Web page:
Parliament has rejected the proposal to reduce taxes on fuels in a bid to reduce the skyrocketing prices of fuel, saying that the exemption would cost government revenue to a tune of Shs1.5Trn.
This followed a proposal moved by Muhammad Nsereko (Kampala Central) during the consideration of the Excise Duty Amendment Bill 2022, proposing to reduce taxes on petrol that current stand at Shs1450 and have it reduced by Shs750 per liter.
He also proposed to have excise duty on diesel that currently stands at Shs1530 and have it reduced by Shs600.
While defending his proposal, Nsereko argued that the increase of fuel prices have driven costs of living, with many government agencies in the 2022/2023 national budget asking for increase of wages because they can no longer meet their demands and disposable income has also become slimmer.
He said, “The increase in fuel prices have led to the increase of commodity prices. We have tasked this government to come up with a proposal for six months on how fuel prices will go down but to no avail. I appeal to you all to support this position in the interest of this country and I am certainly sure that this will be a good stop gap measure, it will reduce fuel led inflation and it will also automatically send disposable income higher.”
However, Dickson Kateshumbwa (Sheema Municipality) described Nsereko’s proposal as a good political statement but warned that if adopted, it will bear serious implications on Uganda’s economy because 25% of Uganda’s taxes
He said, “The implication on fuel proposal of reducing will result in Shs1.5Trn revenue lost. I had the benefit to look at the numbers from the industry, if you reduce that fuel by Shs700 you are going to have Shs1.5Trn deficit. Diesel and petrol account for 25% tax on average.”
Kateshumbwa added that one of the drivers of the current fuel prices is as a result of increase in the prices of a barrel of fuel and the challenges of transportation due to the war between Ukraine and Russia, but has nothing to do with taxes.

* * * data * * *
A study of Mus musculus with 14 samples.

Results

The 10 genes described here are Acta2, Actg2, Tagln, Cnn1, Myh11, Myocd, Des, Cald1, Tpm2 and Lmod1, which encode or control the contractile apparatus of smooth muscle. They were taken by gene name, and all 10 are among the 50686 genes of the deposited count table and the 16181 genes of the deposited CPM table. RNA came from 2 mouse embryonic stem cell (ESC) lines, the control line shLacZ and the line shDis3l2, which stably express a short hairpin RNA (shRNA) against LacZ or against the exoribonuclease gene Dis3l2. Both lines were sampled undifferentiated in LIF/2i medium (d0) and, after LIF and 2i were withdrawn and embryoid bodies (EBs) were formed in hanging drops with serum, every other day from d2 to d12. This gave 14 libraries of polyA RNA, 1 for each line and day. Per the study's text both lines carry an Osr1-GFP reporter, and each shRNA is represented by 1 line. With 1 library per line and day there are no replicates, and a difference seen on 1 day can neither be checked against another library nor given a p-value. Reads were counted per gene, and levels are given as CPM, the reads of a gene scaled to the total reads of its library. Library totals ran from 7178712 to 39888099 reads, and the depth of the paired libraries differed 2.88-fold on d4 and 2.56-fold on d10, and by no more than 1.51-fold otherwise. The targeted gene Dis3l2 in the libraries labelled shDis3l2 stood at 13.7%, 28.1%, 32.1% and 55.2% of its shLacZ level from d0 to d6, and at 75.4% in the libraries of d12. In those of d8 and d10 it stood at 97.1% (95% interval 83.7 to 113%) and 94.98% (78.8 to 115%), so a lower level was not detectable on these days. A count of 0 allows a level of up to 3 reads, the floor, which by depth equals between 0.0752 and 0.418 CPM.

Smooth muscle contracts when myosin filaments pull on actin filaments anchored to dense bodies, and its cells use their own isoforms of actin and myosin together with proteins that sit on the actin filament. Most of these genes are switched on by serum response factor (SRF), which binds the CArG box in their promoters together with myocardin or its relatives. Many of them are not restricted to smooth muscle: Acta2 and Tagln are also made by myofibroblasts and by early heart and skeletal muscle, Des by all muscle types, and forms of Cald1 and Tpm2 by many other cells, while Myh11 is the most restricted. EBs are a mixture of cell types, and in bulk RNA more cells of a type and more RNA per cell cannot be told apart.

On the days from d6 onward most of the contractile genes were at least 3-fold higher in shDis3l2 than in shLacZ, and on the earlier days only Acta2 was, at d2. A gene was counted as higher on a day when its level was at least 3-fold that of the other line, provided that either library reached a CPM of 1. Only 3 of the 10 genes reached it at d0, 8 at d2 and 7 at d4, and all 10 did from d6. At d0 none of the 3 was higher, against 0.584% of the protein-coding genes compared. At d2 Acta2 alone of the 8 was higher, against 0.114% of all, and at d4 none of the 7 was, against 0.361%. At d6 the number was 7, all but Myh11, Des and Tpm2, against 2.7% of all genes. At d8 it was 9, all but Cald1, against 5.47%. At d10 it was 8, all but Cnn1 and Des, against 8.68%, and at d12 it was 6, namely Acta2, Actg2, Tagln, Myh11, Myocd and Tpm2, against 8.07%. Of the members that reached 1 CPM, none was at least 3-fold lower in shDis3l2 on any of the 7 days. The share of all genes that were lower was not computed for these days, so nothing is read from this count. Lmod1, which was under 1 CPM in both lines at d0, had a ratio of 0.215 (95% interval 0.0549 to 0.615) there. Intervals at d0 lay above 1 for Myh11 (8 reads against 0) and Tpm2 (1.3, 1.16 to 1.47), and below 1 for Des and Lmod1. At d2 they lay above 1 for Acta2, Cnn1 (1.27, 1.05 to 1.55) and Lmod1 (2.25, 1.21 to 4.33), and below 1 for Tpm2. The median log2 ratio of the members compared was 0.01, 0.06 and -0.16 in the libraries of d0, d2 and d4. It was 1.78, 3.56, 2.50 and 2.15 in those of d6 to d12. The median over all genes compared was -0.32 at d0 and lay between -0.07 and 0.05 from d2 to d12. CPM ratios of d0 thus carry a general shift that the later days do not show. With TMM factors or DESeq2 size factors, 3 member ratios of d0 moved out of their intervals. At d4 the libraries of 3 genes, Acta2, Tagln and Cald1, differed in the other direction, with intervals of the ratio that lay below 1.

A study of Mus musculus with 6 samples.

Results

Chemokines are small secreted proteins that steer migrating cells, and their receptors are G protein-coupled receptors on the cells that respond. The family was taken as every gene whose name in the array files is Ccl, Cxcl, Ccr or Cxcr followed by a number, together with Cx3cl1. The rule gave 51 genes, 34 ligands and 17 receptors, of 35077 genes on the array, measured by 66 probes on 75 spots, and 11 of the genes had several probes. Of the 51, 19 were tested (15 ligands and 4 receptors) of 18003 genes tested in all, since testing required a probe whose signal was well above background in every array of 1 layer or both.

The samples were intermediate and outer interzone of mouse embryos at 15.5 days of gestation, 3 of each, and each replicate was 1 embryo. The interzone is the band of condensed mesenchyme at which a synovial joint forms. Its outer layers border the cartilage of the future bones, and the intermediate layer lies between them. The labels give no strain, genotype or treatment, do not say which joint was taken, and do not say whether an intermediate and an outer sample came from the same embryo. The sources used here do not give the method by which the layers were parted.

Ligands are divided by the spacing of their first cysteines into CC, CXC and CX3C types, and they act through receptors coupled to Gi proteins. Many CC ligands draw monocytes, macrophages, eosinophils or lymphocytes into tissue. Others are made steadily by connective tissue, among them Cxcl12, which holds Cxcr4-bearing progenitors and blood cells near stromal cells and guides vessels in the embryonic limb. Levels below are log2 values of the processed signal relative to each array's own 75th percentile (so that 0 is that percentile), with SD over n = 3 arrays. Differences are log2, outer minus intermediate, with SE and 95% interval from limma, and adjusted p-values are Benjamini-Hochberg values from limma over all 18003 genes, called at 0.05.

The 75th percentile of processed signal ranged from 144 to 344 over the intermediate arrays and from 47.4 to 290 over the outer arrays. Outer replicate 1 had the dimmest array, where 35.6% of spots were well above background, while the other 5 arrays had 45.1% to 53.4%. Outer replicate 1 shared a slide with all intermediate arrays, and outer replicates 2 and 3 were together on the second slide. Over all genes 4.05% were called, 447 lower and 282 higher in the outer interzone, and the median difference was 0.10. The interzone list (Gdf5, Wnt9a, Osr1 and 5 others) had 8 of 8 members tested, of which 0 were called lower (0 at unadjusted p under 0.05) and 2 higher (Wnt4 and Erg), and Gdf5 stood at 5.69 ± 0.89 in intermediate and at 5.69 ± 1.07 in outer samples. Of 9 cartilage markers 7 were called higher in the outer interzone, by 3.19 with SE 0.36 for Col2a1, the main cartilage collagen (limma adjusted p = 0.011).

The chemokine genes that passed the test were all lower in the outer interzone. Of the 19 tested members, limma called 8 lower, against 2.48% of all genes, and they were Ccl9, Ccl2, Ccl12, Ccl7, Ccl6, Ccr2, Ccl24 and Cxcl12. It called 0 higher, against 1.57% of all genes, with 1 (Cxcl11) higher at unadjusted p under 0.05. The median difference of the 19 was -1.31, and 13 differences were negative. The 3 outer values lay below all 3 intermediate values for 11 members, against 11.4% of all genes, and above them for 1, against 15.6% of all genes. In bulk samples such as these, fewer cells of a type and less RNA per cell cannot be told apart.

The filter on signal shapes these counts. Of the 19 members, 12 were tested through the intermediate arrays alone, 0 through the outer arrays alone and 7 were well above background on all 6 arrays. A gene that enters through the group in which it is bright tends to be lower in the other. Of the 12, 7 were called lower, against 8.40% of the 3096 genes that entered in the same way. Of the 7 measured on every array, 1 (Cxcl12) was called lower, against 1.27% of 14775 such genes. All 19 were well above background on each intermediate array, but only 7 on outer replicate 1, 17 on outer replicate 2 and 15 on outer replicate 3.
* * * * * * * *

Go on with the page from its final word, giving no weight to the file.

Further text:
He thus warned MPs against making reckless tax proposals arguing, “Exercise some level of caution, when you are dealing with tax reductions because taxation you can’t deal with it in a short time. If you propose a measure that is going to draw down revenue by shs1.5Trn that means you must be able to reduce the budget that that amount.”
Paul Omara (Otuke County) also rejected the proposal arguing that the high fuel prices isn’t about tax because more volumes came into Uganda in the three months January to March 2022 more than we had in September to December 2021.
“So I am opposed to it, but what is important is we need to check on greed and we need to have the Ministry of Energy to exercise its mandate in terms of making control. We shouldn’t allow the proposal that is made,” said Omara.
Napak DWR’s Faith Nakut also rejected the proposal to reduce taxes on fuel arguing that there is no evidence that this will lead to reduction on pump prices, “There is no evidence that if we reduce taxes, the pump prices will go down,” remarked Nakut.
Although Godfrey Ekanya (Tororo North) backed the proposal to block the reduction on fuel taxes, he called for the enactment of the Competition law to curb the greed of oil dealers in making profits.
“We need to have the competition law in place. As we speak now, fuel operators and importers are making super abnormal profits, so even if we reduce the tax, they will not. As we speak now, this country doesn’t have competition law, there is a monopoly, there is hounding and the price will go up because they are used to making abnormal profits. I don’t want to legislate and my people don’t benefit and instead make the rich richer,” said Ekanya.
Following the back and forth argument, Speaker Among tasked both Minister of Finance Matia Kasaija and Minister of Energy Ruth Nankabirwa to analyse the issue of increase in fuel prices.
The Speaker said, “Considering the implication of this proposal, it has a lot of impact. I propose the Minister of Energy and Minister of Finance handle this matter and you can bring in an amendment to the Excise Duty any time.”